The Senate drove a stake Thursday through President Bush’s plan to legalize millions of unlawful immigrants, likely postponing major action on immigration until after the 2008 elections.
The bill’s supporters fell 14 votes short of the 60 needed to limit debate and clear the way for final passage of the legislation, which critics assailed as offering amnesty to illegal immigrants. The vote was 46 to 53 in favor of limiting the debate.
Senators in both parties said the issue is so volatile that Congress is highly unlikely to revisit it this fall or next year, when the presidential election will increasingly dominate American politics.
Sure, we thought the bill was dead earlier this month, and it came back for a second round, but this time it’s really dead. The AP’s “drove a stake” metaphor is telling.
The roll call on the key vote is online. The 46 votes to allow the bill to proceed were made up of 33 Dems, 12 Republicans, and Joe Lieberman. The 53 votes to block the bill included 37 Republicans, 15 Dems, and Bernie Sanders. Before David Broder blames Dems for the bill’s failure, let’s keep in mind that nearly 70% of the Senate Democratic caucus backed the legislation this morning, whereas 75% of the Senate GOP caucus voted to block the bill.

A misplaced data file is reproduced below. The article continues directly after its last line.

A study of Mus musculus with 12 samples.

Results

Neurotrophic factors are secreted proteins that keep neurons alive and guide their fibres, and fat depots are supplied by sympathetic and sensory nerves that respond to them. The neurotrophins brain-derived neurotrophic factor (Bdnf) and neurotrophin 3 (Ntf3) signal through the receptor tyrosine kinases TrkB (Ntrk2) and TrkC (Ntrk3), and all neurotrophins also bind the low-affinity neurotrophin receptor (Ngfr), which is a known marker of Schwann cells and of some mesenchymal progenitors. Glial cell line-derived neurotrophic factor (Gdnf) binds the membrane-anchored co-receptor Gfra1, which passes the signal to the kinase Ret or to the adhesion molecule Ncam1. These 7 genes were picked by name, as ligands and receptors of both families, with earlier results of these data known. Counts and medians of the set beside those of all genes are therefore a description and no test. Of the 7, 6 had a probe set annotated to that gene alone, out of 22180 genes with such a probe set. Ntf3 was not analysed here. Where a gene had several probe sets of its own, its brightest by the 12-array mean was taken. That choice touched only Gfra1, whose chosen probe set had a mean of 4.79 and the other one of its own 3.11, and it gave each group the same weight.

As for the winners and losers, the president couldn’t rally support from Republicans, a failure which ultimately did the legislation in. Immigration reform is the one major, sweeping policy area in which the White House and congressional Democratic leaders were at least near the same page. With this legislation falling apart, Bush appears to have lost his only shot at scoring a major legislative victory in the 110th Congress.
As for conservative critics of the status quo, I’m sure they’re greatly relieved by today’s “success,” but they may ultimately regret it. First, a hard-line conservative bill won’t magically replace the legislation they just killed. Second, as Kevin recently noted, their prospects for the future aren’t encouraging: “[W]hen do they think they’re going to get another crack at this? It’s going to be years, and at this point it looks to me like the political environment in the future is more likely to be more liberal than it is to be more conservative. My guess is that the hardliners aren’t going to get a better deal in 2010 than the one they voted down.”